EXPLORING THE GENDER STEREOTYPE THREAT THAT WOMEN EXPERIENCE IN TEAM-BASED EDUCATIONAL SETTINGS
Editor: Grierson, Hilary; Bohemia, Erik; Buck, Lyndon
Author: Howell, Bryan F.; Westwood, Judith; Fuller, Becky; Jackson, Asa; Rawlings, Rebekah; Hill, Michaela
Institution: Brigham Young University, United States of America
Section: Addressing Ethical and Social Issues in Design Education
DOI number: 10.35199/EPDE.2021.92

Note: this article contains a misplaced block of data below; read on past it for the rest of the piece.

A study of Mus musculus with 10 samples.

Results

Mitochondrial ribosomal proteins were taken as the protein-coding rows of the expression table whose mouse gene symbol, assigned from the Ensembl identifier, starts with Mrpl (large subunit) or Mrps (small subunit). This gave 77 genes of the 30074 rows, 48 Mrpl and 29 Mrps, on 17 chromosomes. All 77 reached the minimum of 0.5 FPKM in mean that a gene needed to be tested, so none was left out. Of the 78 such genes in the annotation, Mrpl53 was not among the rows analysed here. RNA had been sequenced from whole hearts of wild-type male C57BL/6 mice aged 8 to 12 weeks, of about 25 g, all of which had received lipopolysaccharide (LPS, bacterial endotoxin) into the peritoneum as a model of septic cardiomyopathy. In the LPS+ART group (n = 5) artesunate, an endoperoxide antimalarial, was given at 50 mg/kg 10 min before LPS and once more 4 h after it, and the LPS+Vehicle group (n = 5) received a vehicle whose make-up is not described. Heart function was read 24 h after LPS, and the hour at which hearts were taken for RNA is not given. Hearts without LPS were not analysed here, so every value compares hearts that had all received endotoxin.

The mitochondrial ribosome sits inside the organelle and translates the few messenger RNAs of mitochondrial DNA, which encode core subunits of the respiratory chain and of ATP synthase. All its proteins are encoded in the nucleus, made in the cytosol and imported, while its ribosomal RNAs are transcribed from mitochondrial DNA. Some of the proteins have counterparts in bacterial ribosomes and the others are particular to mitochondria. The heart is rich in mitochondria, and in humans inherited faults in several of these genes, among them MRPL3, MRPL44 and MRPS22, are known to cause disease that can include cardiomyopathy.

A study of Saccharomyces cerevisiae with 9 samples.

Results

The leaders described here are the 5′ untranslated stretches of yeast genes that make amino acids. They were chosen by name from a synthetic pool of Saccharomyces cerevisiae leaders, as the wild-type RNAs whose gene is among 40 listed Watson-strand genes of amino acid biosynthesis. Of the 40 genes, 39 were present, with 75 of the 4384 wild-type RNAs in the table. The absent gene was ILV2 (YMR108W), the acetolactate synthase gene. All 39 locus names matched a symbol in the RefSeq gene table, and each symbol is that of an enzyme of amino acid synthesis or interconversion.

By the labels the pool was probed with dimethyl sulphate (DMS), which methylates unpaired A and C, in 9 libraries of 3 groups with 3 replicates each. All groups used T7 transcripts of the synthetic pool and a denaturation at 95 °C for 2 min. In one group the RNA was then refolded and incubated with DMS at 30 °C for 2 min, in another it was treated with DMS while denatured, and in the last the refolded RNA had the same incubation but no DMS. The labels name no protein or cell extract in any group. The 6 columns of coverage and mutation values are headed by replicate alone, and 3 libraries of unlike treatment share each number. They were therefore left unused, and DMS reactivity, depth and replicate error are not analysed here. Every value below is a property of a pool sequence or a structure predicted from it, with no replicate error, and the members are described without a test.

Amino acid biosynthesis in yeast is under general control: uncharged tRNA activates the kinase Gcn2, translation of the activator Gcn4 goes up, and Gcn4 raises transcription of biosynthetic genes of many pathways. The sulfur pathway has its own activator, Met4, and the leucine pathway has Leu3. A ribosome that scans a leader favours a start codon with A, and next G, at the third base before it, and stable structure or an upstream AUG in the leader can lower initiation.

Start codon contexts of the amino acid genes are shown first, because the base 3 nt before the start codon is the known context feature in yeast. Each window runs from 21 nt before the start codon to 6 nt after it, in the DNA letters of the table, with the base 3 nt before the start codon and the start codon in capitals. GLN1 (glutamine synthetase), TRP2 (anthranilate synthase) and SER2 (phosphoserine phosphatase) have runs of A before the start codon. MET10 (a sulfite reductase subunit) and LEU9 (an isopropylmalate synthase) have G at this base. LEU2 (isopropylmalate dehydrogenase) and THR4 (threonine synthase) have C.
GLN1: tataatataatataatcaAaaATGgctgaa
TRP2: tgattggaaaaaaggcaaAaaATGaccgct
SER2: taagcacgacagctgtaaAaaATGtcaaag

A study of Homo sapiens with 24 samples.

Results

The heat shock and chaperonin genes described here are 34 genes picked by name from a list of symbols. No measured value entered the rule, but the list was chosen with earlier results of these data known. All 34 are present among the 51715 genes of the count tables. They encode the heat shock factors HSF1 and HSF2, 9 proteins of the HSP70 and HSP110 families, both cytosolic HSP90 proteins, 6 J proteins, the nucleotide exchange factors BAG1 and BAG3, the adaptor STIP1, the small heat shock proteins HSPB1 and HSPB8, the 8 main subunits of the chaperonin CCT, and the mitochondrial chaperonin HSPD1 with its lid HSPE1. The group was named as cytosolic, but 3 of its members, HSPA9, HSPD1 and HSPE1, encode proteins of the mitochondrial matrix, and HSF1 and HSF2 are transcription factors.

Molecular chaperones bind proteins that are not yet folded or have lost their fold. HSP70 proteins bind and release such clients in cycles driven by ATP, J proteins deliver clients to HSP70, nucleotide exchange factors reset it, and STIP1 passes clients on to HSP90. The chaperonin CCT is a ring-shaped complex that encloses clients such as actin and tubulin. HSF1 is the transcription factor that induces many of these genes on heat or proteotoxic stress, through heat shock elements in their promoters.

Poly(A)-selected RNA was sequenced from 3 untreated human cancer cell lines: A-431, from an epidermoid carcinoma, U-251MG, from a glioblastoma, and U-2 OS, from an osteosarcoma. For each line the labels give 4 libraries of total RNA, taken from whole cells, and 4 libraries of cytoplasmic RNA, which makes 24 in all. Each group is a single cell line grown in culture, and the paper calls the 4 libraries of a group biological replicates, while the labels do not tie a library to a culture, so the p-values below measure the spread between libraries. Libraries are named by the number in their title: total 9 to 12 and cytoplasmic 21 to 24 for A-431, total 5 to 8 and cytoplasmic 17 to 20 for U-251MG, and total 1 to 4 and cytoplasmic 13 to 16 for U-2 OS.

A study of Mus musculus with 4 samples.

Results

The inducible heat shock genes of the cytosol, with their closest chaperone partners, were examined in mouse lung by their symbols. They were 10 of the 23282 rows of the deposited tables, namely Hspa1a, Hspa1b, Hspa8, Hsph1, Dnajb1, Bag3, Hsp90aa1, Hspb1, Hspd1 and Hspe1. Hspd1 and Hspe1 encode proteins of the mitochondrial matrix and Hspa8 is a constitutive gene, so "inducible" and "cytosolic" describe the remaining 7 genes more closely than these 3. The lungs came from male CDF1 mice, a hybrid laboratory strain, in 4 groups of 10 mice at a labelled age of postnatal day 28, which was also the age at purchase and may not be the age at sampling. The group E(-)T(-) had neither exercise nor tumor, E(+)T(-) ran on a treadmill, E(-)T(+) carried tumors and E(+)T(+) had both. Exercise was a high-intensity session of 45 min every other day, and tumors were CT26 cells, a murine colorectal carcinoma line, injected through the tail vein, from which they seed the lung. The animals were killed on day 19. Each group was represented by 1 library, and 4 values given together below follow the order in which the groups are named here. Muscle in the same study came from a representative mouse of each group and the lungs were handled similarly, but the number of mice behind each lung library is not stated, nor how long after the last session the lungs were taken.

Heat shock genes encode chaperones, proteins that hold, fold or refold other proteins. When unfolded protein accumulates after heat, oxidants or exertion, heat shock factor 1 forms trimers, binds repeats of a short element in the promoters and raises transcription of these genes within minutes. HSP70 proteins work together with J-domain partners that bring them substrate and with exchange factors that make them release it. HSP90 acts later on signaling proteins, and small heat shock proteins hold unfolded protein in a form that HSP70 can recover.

Solitary women students participating in male majority design and development teams often experience inadvertent stereotype threat. This paper explores the educational experience of undergraduate women participating in both majority male and majority female teams and how stereotype threat influences their educational experience. A 23-question survey distributed to thirty-eight female undergraduate students explores their experiences in both majority male and female group work. The results indicate women have an increased learning experience when participating in female majority teams. They experience increased decision-making and management responsibilities, experience more effective communication and influence, and feel ownership of projects and technical tasks. Participation on a majority female team amplifies positive emotional attributes and self-perception and increases courage, confidence, subject knowledge, and disciplinary cultural fit. To improve the learning experiences for all students, Design and Engineering educators should understand how to identify stereotype behaviour. This paper provides stereotype questions and topics to talk about with students and promotes a 60/40 gender composition when educators form project teams, thus improving students overall learning experiences.